The most common cause of infection in your pet’s mouth is periodontal disease, which affects more than 75 percent of pets over 2 years of age.
Dental Care and Services
Dental care for your pet is a very important part of overall health. One of the most common diseases seen today in pets (and people) is gingivitis! Not only does dental disease lead to gingivitis, tooth decay, and pain but research has shown links to causing disease of the heart, liver, kidney and other parts of the body.
Home dental care including brushing of the teeth is very important. Starting to brush your pet’s teeth while they are young will allow them to tolerate it later in life. While daily is ideal, 2-3 times a week is beneficial. Dental diets, mouth rinses and chews are also available to help maintain good oral health.
These measures however are preventative in nature. If your pet already has signs of dental disease such as tartar build up or bad breath, treatment is necessary.
We offer comprehensive dental care, including:
Comprehensive Oral Health Assessment and Treatment (Periodontal Therapy)
Under general anesthesia your pet’s teeth are cleaned with an ultrasonic scaler on the crown of the tooth and under the gums. They are then polished and fluoride treatment is applied. Each individual tooth is also evaluated to check for pockets, attachment loss, fracture, or other disease.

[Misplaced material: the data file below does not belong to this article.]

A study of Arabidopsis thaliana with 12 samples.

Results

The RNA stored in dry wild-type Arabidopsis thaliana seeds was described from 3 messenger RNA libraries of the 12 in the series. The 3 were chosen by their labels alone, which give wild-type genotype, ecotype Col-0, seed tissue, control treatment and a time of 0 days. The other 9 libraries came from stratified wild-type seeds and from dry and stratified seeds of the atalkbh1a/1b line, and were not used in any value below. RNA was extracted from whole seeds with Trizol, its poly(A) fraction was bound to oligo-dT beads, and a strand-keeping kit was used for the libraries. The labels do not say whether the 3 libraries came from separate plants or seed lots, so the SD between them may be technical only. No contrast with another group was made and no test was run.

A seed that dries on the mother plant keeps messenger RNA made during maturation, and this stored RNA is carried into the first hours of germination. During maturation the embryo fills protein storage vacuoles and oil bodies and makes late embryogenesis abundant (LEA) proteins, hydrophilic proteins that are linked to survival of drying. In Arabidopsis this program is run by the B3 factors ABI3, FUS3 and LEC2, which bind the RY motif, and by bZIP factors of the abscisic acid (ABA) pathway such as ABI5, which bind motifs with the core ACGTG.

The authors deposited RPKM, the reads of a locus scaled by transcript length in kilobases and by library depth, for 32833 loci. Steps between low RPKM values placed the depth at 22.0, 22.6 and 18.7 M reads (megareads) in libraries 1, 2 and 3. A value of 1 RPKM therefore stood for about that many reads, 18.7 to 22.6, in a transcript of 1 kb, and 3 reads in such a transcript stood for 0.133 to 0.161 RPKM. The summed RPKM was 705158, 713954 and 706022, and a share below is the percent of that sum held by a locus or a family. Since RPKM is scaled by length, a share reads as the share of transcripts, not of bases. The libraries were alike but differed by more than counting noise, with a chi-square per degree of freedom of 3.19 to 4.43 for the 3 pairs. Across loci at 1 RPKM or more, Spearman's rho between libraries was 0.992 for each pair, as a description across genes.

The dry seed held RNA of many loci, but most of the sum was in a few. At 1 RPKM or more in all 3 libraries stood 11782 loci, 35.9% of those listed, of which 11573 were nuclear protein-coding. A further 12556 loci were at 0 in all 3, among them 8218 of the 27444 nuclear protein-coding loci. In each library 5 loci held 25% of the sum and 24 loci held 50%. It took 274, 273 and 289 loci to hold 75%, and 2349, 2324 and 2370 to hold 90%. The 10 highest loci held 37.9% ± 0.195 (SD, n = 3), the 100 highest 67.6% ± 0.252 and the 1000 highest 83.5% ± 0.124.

Dental Radiographs (X-Rays)
Problem teeth are x-rayed for evaluation of the root structure and bone surrounding the tooth. Necessary treatment for the tooth is then completed and may include extraction, endodontic therapy, or monitoring with x-rays at a later date. With our high-speed drill we have capabilities to perform advanced surgical extractions.
We are able to perform root canals and advanced therapies to some fractured teeth where the integrity of the root is still intact.
Common Dental Problems
Retained Deciduous (Baby) Teeth
These must be extracted as they can cause crowding and damage to adult teeth. They can also cause problems to the bite and pain if contacting the roof of the mouth or other tissues.
Broken or Fractured Teeth
Fractured teeth are common from trauma. When broken, the pulp of the tooth and nerve is exposed and can create a great deal of pain. This also creates a route for infection to enter the body, and can create severe problems to the bone surrounding the tooth and entire body.
Abscess or infection around teeth is common in advanced periodontal disease. Often times lumps or swollen areas are noted on the muzzle or jaw. Extraction is generally necessary.